Halloween: Tricks to Stay Safe While Decorating, Trick-or-Treating, & More



Halloween can be a night of great fun for children of all ages – but it’s also an important night for safety precautions.

According to the National Institutes of Health, children are four times more likely to be struck by cars on Halloween than on other nights.

In addition, the Consumer Product Safety Commission (CPSC) estimates that more than 3,000 Halloween-related injuries occur each year in the United States.

Of those injuries, 55% are related to pumpkin carving, 25% are related to falls, and 20% are related to lacerations, ingestions, or allergic reactions.

Please follow these Healthy Children.org recommendations for a safe Halloween.

Halloween costume safety tips

  • Wear costumes that are bright, reflective, and well-fitted. Consider adding reflective tape or striping to costumes or providing a flashlight.
  • Wear well-fitting shoes and make sure costumes aren’t a tripping hazard to prevent a fall, entanglement, or contact with a flame.
  • Look for “flame resistant” labels for costumes, wigs, and accessories.
  • Use non-toxic makeup. Test all makeup on a small patch of skin ahead of time to ensure there are no allergic reactions, rashes, or irritations.
  • Wear hats in place of wearing a mask. Hats and wigs should fit properly to prevent them from sliding down and obstructing vision.
  • Avoid sharp hazards such as swords, canes, sticks, or other hazardous costume accessories. These can cause accidental injuries to the child or others in the event of a trip or fall.
  • Avoid decorative contact lenses unless you consult with an eye care professional or pediatrician before use.
Three carved jack-o-lanterns with different faces.

Pumpkin carving and decorating tips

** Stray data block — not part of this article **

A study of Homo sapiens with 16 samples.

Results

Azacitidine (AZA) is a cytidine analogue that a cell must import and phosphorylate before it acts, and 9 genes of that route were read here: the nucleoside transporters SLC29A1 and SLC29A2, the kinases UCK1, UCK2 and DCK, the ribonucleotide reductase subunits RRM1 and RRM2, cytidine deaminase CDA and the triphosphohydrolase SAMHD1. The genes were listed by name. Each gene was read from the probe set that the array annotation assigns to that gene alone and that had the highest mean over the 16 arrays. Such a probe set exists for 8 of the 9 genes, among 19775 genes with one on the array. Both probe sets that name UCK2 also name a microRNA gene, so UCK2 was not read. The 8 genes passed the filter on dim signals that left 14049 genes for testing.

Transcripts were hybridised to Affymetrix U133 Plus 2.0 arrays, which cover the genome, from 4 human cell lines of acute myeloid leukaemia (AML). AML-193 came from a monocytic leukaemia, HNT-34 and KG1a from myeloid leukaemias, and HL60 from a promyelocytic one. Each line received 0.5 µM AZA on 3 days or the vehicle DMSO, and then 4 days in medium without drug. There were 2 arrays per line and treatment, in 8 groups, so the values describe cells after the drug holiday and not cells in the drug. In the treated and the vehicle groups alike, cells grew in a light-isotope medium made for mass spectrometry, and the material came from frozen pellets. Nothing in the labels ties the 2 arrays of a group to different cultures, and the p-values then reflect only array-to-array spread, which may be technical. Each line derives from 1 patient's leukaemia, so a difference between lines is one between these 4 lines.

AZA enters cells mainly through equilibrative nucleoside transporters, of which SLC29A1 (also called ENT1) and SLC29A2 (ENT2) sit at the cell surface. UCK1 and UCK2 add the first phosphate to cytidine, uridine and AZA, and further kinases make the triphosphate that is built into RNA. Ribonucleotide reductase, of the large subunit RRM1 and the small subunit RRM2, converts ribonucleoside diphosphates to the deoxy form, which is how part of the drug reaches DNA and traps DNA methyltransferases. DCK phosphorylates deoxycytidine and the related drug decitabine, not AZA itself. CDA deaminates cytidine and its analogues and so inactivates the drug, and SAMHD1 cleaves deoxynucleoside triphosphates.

• Never allow small children to carve a pumpkin. They can draw, color, or paint the pumpkin, or can mark the face for an adult to carve. Many children enjoy scooping out the pumpkin contents as well!
  • The American Society for Surgery of the Hand (ASSH) recommends adults use a small pumpkin saw using small strokes, directing the blade away from themselves and others. Avoid using larger knives.
  • Consider using a flashlight or glow stick to illuminate the pumpkin or other Halloween decorations.
  • Do not place candlelit pumpkins/decorations near pathways where visitors may pass close by. Never leave candles unattended.

Halloween safety tips for your home & yard

  • Remove tripping hazards from yards, pathways, and porches/hallways.
  • Make sure your outdoor lights are working and bright.
  • Remove wet leaves or yard debris from walkways, steps, and porches.
  • Restrain pets to avoid jumping or barking, which may frighten little ones or lead to an accidental bite.
A plastic jack-o-lantern pumpkin filled with candy sits atop a pile of additional candies.

Trick or Treating safety tips

  • Trick or treat as part of a large group with one or more responsible adults.  
  • Never enter a home or car for a treat.
  • Have children wait until they are home for treats, as eating while walking/running poses a choking hazard. In addition, children shouldn’t eat any treats until they can be checked by an adult.
  • Babies and toddlers should not have any hard candies, caramel apples, popcorn, gum, small candies (jelly beans, etc.), gummy candy, pumpkin seeds, or anything with whole nuts.
  • Candy wrappers, stickers, small toys, or temporary tattoos can be choking hazards.

Pedestrian safety tips for Halloween

Pedestrian injury is the most common injury to children on Halloween. Reduce the likelihood of accident by following the tips below.

  • Travel in a group and communicate where you are going. Stay with an adult.
  • Use reflective tape and lights to help increase visibility for vehicles.
  • Stay in well-lit areas – use sidewalks. Look both ways (left, right, left) before crossing a street. Cross at traffic lights and use the pedestrian button. Make sure all traffic is stopped before you cross.
  • If there is no sidewalk, walk at the far edge of the road facing traffic in a single line.
  • To prevent falls and other injuries, walk (don’t run) between houses. Never cut across yards or use alleys.
  • Only cross streets as a group in established crosswalks when directed by the adult. Never cross between parked cars or out of driveways.
  • Don’t assume the right of way. Motorists may have reduced visibility. Just because one car stops, another may not.
  • Carry a cell phone.

This blog was written by Sharon Gannon, RN, South Shore Health Trauma Program Injury Prevention Coordinator.

Learn more about our Injury Prevention Program.